What is a: Glaucoma Test
Glaucoma testing involves measuring internal eye pressure and a detailed scan of the retina for signs of disease.
Glaucoma is the generalized name for a group of eye diseases that damage the optic nerve of the eye, preventing the eye from sending accurate visual information to the brain.
Glaucoma tests are designed to test your eyes for one of the key symptoms of the disease – increased eye pressure – however only a comprehensive eye exam can reveal whether or not you have glaucoma.
Increased pressure inside the eye is often a key indicator of glaucoma, though not exclusively so. Eye doctors can use a number of tests for eye pressure, but will, by default, check for signs of glaucoma as part of a detailed examination of the retina – the light sensitive area at the back of the eye responsible for processing images.
How Does Glaucoma Testing Work?
A glaucoma test is usually part of a routine eye exam.
Both types of glaucoma tests measure internal pressure of the eye.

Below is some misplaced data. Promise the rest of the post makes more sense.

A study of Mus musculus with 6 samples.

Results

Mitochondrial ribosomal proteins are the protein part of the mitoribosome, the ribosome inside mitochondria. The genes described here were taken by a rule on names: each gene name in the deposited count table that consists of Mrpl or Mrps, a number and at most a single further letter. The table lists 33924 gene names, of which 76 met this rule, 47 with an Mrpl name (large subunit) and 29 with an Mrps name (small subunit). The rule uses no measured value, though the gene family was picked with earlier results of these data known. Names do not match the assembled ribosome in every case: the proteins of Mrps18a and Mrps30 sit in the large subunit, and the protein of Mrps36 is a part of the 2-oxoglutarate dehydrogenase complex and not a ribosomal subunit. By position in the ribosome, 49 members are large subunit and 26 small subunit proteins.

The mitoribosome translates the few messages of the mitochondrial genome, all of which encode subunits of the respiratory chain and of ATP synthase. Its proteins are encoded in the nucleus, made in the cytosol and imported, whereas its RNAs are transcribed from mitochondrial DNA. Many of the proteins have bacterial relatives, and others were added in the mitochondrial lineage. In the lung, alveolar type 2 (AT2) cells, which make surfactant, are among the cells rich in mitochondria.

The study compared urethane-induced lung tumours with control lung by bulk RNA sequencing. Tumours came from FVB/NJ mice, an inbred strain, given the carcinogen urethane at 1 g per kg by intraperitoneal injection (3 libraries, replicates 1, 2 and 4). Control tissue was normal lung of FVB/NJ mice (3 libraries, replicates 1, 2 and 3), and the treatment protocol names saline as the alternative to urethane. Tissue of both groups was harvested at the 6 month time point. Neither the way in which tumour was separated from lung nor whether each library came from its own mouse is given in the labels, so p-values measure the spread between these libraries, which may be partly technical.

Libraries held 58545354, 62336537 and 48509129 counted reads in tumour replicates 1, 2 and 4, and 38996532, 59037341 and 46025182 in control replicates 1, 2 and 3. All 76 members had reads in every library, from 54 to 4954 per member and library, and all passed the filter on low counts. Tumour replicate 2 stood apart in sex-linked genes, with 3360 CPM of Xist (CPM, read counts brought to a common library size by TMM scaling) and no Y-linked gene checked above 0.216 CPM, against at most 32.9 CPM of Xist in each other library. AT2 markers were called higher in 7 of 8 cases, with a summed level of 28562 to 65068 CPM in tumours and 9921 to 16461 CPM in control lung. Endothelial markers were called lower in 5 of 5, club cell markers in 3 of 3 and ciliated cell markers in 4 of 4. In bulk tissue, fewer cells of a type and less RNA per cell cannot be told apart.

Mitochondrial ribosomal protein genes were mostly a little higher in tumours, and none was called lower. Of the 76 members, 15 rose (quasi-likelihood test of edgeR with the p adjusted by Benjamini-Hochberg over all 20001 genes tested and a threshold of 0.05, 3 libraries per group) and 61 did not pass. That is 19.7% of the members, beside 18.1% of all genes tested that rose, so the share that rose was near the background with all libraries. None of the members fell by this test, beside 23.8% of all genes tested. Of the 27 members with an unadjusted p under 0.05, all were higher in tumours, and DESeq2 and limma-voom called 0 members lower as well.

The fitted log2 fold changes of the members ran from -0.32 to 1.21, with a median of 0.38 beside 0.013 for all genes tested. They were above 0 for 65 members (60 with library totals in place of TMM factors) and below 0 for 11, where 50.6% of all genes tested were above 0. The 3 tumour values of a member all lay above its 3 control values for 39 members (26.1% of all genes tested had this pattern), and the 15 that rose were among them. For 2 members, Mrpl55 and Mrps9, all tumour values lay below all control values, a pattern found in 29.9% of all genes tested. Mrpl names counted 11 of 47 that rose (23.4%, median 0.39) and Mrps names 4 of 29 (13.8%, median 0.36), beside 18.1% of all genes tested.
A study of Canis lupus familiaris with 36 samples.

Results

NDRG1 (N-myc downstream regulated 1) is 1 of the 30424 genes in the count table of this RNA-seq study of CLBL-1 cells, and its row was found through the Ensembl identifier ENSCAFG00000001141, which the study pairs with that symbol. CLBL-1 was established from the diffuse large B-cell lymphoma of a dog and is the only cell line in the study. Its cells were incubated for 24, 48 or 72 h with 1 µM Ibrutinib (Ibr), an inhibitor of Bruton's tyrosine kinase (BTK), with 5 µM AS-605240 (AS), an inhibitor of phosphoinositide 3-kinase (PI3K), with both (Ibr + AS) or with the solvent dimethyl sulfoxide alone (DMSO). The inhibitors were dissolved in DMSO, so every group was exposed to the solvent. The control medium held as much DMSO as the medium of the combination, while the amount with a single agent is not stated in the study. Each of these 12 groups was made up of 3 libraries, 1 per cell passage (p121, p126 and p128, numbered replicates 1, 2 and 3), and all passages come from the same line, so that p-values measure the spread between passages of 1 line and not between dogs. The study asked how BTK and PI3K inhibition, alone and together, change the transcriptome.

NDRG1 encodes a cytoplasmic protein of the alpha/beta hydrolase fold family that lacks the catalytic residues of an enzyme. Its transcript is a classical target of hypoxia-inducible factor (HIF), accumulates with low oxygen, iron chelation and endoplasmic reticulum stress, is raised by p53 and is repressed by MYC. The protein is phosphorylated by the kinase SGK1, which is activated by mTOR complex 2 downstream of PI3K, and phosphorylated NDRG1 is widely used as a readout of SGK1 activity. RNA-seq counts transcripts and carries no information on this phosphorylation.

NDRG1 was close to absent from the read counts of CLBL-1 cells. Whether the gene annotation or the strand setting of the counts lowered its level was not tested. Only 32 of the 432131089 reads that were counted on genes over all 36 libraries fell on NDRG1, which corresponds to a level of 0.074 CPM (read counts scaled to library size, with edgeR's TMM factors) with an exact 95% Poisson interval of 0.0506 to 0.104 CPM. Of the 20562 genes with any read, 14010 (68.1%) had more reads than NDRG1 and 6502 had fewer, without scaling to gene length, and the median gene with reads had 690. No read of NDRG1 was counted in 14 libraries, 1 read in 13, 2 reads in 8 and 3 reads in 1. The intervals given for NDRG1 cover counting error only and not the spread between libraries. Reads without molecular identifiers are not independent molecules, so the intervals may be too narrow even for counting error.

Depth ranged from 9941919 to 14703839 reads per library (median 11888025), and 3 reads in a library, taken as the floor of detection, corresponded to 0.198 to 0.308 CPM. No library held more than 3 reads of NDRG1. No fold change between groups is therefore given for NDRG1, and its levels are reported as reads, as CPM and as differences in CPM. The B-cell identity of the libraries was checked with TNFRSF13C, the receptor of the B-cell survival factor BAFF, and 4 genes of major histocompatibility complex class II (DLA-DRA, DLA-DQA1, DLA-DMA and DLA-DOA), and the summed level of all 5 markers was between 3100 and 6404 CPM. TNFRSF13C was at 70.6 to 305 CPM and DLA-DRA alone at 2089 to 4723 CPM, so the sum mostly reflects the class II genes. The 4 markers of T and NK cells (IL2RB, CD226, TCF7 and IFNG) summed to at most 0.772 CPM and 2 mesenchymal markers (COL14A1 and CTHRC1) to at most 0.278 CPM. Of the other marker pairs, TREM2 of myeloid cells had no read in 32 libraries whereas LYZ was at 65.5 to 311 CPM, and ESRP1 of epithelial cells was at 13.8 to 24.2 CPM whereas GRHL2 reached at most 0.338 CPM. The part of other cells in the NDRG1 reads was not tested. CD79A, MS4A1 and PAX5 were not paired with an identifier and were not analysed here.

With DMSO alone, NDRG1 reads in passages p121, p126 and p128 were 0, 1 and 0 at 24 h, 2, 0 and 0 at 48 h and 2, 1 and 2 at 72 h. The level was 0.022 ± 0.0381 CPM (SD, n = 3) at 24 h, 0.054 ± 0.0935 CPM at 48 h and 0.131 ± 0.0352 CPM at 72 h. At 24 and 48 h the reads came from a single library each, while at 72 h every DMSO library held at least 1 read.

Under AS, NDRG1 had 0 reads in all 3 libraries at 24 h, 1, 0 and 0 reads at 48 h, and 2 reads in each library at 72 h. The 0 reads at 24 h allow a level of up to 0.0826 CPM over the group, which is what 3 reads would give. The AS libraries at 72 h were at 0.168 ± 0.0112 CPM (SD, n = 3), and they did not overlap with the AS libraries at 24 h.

One glaucoma test involves measuring what happens when a puff of air is blown across the surface of the eye. (A puff test) Another test uses a special device (in conjunction with eye-numbing drops) to "touch" the surface of the eye to measure eye pressure.
While increased eye pressure is a key indicator of the disease, it does not necessarily mean you have a glaucoma diagnosis. In fact, the only way to detect glaucoma is to have a detailed, comprehensive eye exam that often includes dilation of the pupils.
So "true" glaucoma testing actually involves examining the retina and optic nerve at the back of the eye for signs of the disease.
Glaucoma can cause slight to severe vision loss, and is often discovered only after the disease is present – that's why glaucoma testing is so important.
The information seen here is for reference purposes only and is not intended as medical advice or to diagnose or prescribe any specific treatment(s). For all questions and concerns about your vision, eye health and potential eye problems, please consult an eyecare professional.
Special thanks to the National Eye Institute, National Institutes of Health, for source material that aided in the creation of this website. Visit the NEI/NIH website.